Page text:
For Debbie Hundley, the shift was gradual. Life got busy. She let things go, and before she knew it, her energy level was at an all-time low.
"I didn't pay attention to the changes in myself," says Debbie, a resident of Barron, Wisconsin. "I kept telling people I was so extremely tired, but I wasn't connecting that to anything. I would go into work and say, 'I just feel like I've been drugged.' I could hardly get myself out of bed in the morning."
The mystery was solved at her annual physical exam, Debbie says. "That's when the lab work discovered the diabetes."
Fatigue is one of the telltale symptoms of diabetes, a disease that affects how the body uses blood sugar. Inactivity and excess weight increase a person's risk of developing Type 2 diabetes, the kind Debbie has.
At the time of her physical, the results of Debbie's A1C test — a common blood test to diagnose diabetes — was 7.3 percent. Levels of 6.5 percent or above indicate diabetes. Her physician quickly connected her with Louise Wanner, a diabetes educator at Mayo Clinic Health System – Northland in Barron. Wanner explained to Debbie the effect diabetes could have on her body, how to use a glucose meter to test blood sugar, and what to do if her blood sugar levels were too high or low.
"Initially, our goals are to provide awareness of what diabetes can do and how it physically affects your body and lifestyle," says Wanner, noting she typically meets with patients three times with a phone call in between. "Debbie decided she wanted to make some changes. Her diagnosis was the instigator she needed to take better care of herself, and she did."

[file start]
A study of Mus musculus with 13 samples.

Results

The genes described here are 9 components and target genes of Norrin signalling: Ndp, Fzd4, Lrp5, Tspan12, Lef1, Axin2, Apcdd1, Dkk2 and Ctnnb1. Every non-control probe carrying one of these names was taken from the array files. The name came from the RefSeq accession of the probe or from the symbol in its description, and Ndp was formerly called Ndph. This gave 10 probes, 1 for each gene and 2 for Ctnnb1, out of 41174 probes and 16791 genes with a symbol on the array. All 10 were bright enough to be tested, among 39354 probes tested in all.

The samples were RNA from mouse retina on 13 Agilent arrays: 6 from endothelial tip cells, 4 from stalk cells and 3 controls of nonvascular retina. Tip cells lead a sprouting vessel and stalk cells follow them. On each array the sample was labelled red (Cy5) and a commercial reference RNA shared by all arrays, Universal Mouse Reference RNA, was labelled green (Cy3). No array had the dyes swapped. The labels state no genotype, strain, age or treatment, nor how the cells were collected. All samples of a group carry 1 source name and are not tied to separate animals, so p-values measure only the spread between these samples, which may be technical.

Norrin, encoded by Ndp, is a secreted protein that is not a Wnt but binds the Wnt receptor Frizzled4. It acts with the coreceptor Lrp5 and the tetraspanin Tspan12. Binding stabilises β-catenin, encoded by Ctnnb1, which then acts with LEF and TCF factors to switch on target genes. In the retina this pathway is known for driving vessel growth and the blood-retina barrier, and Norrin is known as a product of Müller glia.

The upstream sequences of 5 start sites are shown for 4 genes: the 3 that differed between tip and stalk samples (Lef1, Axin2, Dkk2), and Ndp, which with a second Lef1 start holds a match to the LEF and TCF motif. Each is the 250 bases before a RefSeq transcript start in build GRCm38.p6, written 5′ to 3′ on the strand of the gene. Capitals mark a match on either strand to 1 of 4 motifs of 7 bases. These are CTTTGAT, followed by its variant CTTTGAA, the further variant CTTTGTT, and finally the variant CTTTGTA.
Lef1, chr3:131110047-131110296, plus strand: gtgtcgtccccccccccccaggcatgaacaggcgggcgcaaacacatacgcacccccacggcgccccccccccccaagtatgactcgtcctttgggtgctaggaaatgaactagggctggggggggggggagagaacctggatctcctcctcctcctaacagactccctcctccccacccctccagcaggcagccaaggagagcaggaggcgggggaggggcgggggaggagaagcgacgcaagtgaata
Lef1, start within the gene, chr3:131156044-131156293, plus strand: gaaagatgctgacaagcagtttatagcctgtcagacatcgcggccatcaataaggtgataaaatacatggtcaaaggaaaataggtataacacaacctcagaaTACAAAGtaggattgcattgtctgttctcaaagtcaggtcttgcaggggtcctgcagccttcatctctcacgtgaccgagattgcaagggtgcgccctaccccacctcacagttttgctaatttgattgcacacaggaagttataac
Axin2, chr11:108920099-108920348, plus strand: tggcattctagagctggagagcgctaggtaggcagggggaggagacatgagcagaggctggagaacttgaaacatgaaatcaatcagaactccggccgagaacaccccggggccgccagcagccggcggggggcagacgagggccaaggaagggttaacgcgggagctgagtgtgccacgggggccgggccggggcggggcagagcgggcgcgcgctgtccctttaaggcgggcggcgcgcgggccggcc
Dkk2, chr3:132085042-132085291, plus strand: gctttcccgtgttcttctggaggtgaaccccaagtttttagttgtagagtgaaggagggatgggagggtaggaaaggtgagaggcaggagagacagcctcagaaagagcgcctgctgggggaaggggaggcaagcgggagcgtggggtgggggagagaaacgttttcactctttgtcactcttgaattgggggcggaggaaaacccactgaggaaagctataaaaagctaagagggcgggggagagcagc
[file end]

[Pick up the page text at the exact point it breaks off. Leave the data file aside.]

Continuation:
In a matter of months, Debbie shed 70 pounds and brought her A1C level down to a much safer 5.3 percent. She attributes her rapid success to a combination of diet and exercise changes, along with diabetes medication.
"I don't say it's a diet. It's a lifestyle change," says Debbie, who reports feeling more energetic and "100 percent better."
"I eat healthier. I watch my portion sizes. I've cut out high-carb foods and a lot of sweets. Basically, I've changed my diet to accommodate healthier choices," she says. "I've had a lot of support from my family and co-workers, and that's extremely helpful."
Debbie also has incorporated exercise into her routines, walking a minimum of two to three times a week. She says she soon hopes to wean herself off the diabetes medication.
"My goal is to be medication-free," says Debbie, who pledges to maintain her healthy new habits long term.
"People say, 'How are you going to keep it up?' but I really don't feel deprived or that it's work," she says. "I've embraced it. That's the way it is, and that's the way it's going to stay."
Debbie appreciates Wanner's encouragement and the support she's found through Diabetes Education.
"You need that when you're first starting out," she says. "It's just been very helpful. If there are any questions I have, I won't hesitate to call her and ask."